All of Givenchy’s pressed powders have a unique “quilted squares” pattern that typically combines four or more complementary shades of powder in one sleek compact. This talc-based pressed powder displays the quilted pattern, and also happens to have an exceptionally smooth texture.
Its silkiness is enviable and the powder isn’t the least bit dry or dusty. The mix of four colors, when swirled together with your brush, creates a uniform flesh-toned shade when applied. There are four sets, ranging from pale, fleshy peach to soft bronze. All apply smoothly and offer a soft, satin-matte finish. Note that the Toffee Taffeta shade works great as a bronzer for medium to tan skin tones.
Of course, you don’t need to spend nearly this much money for a superior pressed powder, but if you choose to do so here, you’re not likely to be disappointed. This would earn our top rating if it did not contain fragrance and fragrance ingredients known to cause irritation. Although fragrance is a minor part of the formula, daily use of these types of ingredients can lead to skin that’s less able to look and act younger—ideally, minimal exposure to them is best.
Note: Housed in a slide-out compartment on the underside of the packaging is a flat, wide brush with a stubby handle. It’s an OK option for application, but a full-size, rounded powder, blush, or bronzer brush is preferred.
Talc, Nylon-12, Zinc Stearate, Cyclopentasiloxane, Dimethicone, Diisostearyl Malate, Octyldodecyl Stearoyl Stearate, Phenoxyethanol, Sodium Dehydroacetate, Disodium EDTA, Parfum (Fragrance), Lauroyl Lysine, Sorbitan Sesquioleate, Tocopheryl Acetate, Linalool, Hydroxycitronellal, Benzyl Salicylate, BHT.
Strengths: Incredibly smooth powder textures that are easy to apply and enliven skin; great powder blush and bronzers.
Weaknesses: Expensive; most of the products are fragranced (some highly so); disappointing primer and mascaras; average concealers and highlighters; few options without shine (shine is definitely not for everybody).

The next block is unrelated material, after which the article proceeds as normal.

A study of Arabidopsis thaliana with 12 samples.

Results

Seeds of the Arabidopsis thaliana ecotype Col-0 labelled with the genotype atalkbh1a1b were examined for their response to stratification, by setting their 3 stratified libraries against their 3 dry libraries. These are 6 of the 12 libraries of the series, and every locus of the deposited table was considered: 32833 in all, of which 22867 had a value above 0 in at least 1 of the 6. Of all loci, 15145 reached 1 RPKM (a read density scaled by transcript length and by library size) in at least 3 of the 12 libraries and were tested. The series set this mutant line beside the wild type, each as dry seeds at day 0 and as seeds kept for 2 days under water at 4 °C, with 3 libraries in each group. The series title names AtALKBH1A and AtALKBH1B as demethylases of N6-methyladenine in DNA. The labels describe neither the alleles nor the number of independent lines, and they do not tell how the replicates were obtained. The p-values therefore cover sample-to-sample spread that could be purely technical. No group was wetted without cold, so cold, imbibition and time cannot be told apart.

Like Chanel, Yves Saint Laurent, and Dior, Givenchy has established a global fashion empire that includes makeup and skin-care products (which are not reviewed at this time). While these French design companies know a great deal about fashion, their venture into makeup is more about style and packaging flamboyance than it is about the products' actual performance; that is, far more form than function.
Givenchy's sleek, chic packaging and designer prices are, for the most part, below par and not worthy of their cost. Adding to the less-than-stellar product selection is the fact that Givenchy products contain noticeable fragrance, which makes them even less desirable, at least for the long-term health of your skin. Fragrance (especially from multiple products worn at the same time) can cause irritation that hurts your skin's healing process and its ability to look and act younger.
Of course, there are some great products in this line, but despite our enthusiasm for them, they offer nothing that hasn't been done just as well (or better) by many other lines, whose prices aren't based on a couture fashion house's reputation. Still, if you're a Givenchy fan or a curious observer, you should know which products are worth your attention and which ones you can gloss over. Givenchy makeup is supposed to have something they refer to as "Prisme," which is meant to describe the prismatic, light-reflecting effect they've added to all of their products. You'll hear a lot from the Givenchy salespeople about the delicate interplay of color and light, but when you cut through the marketing mumbo jumbo, all that these products contain is shine, and it's the same shiny ingredients every other company in the world of makeup is using.
It's important to keep in mind that too much shine will only make the wrinkles you have look worse. While you'll hear that shine reflects light from wrinkles, you can easily dispel that notion by testing a shiny product over your wrinkles, and seeing how the shine makes them stand out, not soften.
Givenchy also carries on about the pigment technology they use, but it isn't unique to their brand. There are many different pigment technologies cosmetic formulators can use, and to one degree or another, all of them are responsible for the improvements we've seen in makeup over the past decade. Lines from L'Oreal to Giorgio Armani, Clinique, and Revlon all use modern pigment technology to create great makeup. In the end, choosing Givenchy is an option, but if you go that route, it's more important than ever (especially for your budget) to know the facts about what you're getting.
Note: The collection of Givenchy makeup reviewed on this site is representative of what's typically seen in U.S. Sephora stores that stock Givenchy.
For more information about Givenchy, call +33 (0) 1 73 02 60 00 or visit www.parfumsgivenchy.com.
The Beautypedia and Paula’s Choice Research teams have one mission: To help you find the best products for your skin, whether they’re from Paula’s Choice or another brand. By combining efforts, we’re able to share scientific research and remain committed to the highest standards based on our decades of experience objectively reviewing thousands upon thousands of skincare and makeup formularies in all price ranges.
Beautypedia cuts through the hype to bring you product insights and recommendations you won’t find anywhere else!